For the second straight day, protests over the Ferguson, Missouri grand jury decision not to indict the police officer who fatally shot an unarmed 18-year-old spilled into Los Angeles streets and temporarily forced the complete closure of a downtown freeway.
Demonstrations had been planned for the U.S. Courthouse in downtown Los Angeles, the campuses of USC and UCLA, and Leimert Park in South L.A.
About 4 p.m., hundreds could be seen walking with signs through South L.A. Protesters shut down multiple intersections along Martin Luther King Jr. Boulevard, before gathering in front of LAPD’s Southwest Division.
They then proceeded north on Figueroa Street and west on Jefferson Boulevard, where just before 6 p.m. they came face to face with a line of police officers near the 110 Freeway overpass.
Protesters appeared to be pushed back and many headed back west on Jefferson, aerial video from Sky5 showed. At one point, protesters briefly surrounded a CHP patrol car, but the vehicle backed away without incident as LAPD officers came to the scene.
Later, marchers briefly took over an intersection at Figueroa and Adams Boulevard, proceeding north up Figueroa again as they made their way to downtown.
Near 22nd Street, several protesters broke through a fence leading to an embankment and the 110 Freeway below. A handful of people mounted the fence but, under the glare of a police helicopter’s spotlight, they appeared to return back to Figueroa, going northbound.
Hundreds of protesters eventually gathered around LAPD headquarters in the area of First and Main streets around 8 p.m., where they faced off with police officers dressed in riot gear who guarded the steps to the building’s entrance.
The demonstration was mostly peaceful, but at one point, protesters threw bottles and possibly other objects at the uniformed officers.
Shortly before 9 p.m., the group appeared to split, with some staying at LAPD headquarters and two other groups moving away from the building in two separate directions. One of the groups was headed up First Street to Broadway, while the other headed down Spring Street to Third Street, the Los Angeles Times reported.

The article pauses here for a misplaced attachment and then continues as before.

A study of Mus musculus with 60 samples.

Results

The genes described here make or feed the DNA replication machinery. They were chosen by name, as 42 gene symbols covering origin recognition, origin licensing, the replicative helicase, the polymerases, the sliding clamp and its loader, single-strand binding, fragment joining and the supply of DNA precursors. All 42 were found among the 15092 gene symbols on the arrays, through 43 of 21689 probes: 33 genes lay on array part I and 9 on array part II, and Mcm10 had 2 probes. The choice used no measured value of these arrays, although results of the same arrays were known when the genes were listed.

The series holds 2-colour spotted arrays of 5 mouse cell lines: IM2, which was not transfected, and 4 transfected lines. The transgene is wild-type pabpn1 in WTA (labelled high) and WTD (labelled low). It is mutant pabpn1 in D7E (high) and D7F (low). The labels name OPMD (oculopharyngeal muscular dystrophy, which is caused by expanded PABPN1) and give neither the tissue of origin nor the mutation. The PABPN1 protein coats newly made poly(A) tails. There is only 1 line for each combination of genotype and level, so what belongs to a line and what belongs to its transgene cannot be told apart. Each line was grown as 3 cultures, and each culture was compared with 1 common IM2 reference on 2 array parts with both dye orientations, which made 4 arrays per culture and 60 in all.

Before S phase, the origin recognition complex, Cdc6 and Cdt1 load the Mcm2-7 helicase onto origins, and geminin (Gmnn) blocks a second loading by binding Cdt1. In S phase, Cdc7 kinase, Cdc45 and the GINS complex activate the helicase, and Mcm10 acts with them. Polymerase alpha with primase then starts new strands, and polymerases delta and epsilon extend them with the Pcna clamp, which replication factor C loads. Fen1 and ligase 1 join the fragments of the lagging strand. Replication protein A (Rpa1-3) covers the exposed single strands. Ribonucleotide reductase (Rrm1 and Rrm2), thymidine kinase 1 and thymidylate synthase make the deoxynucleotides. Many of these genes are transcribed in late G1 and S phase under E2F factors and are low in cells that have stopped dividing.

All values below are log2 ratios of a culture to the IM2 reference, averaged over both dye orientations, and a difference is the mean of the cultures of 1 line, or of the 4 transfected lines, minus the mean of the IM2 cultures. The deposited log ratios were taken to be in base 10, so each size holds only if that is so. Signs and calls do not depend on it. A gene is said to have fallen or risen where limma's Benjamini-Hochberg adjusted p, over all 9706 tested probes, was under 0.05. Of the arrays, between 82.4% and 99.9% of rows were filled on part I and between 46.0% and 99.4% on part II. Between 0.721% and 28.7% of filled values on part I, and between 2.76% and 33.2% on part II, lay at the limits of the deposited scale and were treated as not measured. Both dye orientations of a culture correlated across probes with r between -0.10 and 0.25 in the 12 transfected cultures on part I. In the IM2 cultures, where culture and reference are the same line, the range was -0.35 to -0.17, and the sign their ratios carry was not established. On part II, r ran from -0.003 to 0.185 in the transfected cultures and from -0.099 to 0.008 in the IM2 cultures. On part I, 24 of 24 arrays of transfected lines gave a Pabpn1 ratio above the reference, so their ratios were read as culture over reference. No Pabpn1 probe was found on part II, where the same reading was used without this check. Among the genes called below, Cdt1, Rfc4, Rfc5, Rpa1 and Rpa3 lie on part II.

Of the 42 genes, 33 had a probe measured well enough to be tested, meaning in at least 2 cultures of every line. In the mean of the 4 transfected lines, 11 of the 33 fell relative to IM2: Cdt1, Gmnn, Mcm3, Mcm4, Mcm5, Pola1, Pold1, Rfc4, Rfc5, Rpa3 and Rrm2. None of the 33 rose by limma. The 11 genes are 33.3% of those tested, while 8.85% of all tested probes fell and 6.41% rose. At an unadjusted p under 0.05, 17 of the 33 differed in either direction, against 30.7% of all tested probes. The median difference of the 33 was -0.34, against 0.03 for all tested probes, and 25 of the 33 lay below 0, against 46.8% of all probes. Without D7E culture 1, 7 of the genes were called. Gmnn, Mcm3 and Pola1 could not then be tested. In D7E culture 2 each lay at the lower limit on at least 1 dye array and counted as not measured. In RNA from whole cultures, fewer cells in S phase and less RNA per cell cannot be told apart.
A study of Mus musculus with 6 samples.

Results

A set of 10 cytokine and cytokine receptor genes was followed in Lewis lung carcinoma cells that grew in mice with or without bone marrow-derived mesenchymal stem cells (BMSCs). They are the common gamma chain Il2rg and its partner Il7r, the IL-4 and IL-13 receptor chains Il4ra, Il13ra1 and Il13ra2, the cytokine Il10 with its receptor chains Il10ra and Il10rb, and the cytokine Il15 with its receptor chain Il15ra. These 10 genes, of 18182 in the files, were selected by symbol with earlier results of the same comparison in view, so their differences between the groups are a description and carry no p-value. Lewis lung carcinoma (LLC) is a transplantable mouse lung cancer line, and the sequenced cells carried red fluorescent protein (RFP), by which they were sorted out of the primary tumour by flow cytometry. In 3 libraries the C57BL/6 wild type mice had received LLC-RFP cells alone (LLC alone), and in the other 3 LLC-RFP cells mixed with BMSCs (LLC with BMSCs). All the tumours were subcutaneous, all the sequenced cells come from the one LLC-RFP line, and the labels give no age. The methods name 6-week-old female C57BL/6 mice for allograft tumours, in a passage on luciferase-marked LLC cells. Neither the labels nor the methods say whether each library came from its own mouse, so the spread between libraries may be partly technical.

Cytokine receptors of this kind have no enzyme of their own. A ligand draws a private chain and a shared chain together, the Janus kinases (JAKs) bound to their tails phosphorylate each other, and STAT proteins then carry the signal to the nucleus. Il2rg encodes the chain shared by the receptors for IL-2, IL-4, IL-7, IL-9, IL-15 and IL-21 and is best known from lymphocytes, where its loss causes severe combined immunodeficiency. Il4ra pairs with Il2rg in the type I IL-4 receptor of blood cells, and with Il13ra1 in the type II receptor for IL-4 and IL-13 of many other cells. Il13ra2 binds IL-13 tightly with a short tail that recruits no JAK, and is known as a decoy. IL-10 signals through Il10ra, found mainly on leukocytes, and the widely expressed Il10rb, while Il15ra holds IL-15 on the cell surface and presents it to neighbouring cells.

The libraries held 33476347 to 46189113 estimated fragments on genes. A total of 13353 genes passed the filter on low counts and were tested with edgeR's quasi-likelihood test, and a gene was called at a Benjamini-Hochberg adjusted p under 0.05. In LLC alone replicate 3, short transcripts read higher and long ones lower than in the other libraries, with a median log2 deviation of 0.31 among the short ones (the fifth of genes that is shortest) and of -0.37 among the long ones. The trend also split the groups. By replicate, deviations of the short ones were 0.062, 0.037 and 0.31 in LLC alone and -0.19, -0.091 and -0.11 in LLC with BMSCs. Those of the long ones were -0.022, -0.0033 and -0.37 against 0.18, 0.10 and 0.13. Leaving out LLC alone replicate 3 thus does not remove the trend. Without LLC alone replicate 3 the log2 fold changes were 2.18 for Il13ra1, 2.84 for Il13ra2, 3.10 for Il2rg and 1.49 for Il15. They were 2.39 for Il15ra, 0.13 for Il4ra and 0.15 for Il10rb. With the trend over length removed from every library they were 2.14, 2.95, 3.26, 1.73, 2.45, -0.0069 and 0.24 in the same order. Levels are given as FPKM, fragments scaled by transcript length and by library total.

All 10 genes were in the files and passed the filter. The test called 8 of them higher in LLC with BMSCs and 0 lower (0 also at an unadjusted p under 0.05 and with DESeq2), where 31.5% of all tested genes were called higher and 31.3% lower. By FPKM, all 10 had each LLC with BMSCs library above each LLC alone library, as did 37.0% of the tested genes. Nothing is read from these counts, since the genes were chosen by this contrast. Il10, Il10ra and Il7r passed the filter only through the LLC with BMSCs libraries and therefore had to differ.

One of the groups eventually entered the 101 Freeway at Grand Avenue around 9 p.m., leading to the brief closure of both sides of the roadway as demonstrators set up barricades they had picked up along the way from LAPD headquarters.
The protesters were removed and both lanes of the freeway were open again less than an hour later.
Multiple arrests were made following the incident on the 101, according to the California Highway Patrol.
Overnight, three people had been taken into custody on suspicion of assaulting an officer, failure to disperse and public intoxication, respectively, Los Angeles Police Department Chief Charlie Beck said at a news conference. It was unclear where they were arrested.
Several demonstrations took place throughout Los Angeles and other cities across the country after St. Louis County Prosecuting Attorney Robert McCulloch announced that police Officer Darren Wilson, who is white, would not be charged by the grand jury for fatally shooting Michael Brown, who was black.
Brown’s Aug. 9 death touched off violent protests in Ferguson, a St. Louis suburb of 20,000, as did Monday evening’s announcement about Wilson’s fate.
In L.A. Monday night, some 300 demonstrators walked onto the 110 Freeway near Pico Boulevard (map) and temporarily blocked traffic in both directions. Some yelled, “no justice, no peace, no racist police,” as they lay down on the pavement.
About 100 California Highway Patrol and LAPD officers, wearing riot helmets and carrying batons, dispersed the crowd and used what officials described as less-lethal foam rounds to prevent them from reentering the freeway.
One CHP officer was transported to a hospital after she was hit in the hand by a piece of debris, possibly a rock thrown by a protester, said Highway Patrol Capt. Greg Hammond.
About 2 miles away from that scene, about 100 activists gathered in front of LAPD headquarters at 100 West First Street (map). Some of them got into a shoving match with officers equipped in riot gear after crossing a police barricade. No injuries were reported in the demonstration, which broke up about 2:30 a.m.
Speaking inside the building Tuesday morning, Beck said his department wants “to facilitate lawful protest.”
“We support people’s right to assemble and to lawfully speak out on issues that are of great concern to them,” the police chief said. “However, we cannot support and we will not allow people to use their rights to trample on the rights of others — and that includes such things as vandalism, violence” and the incident on the Harbor Freeway, he said.
Noting the inherent danger of walking onto a freeway, he vowed that anyone who did so would be arrested.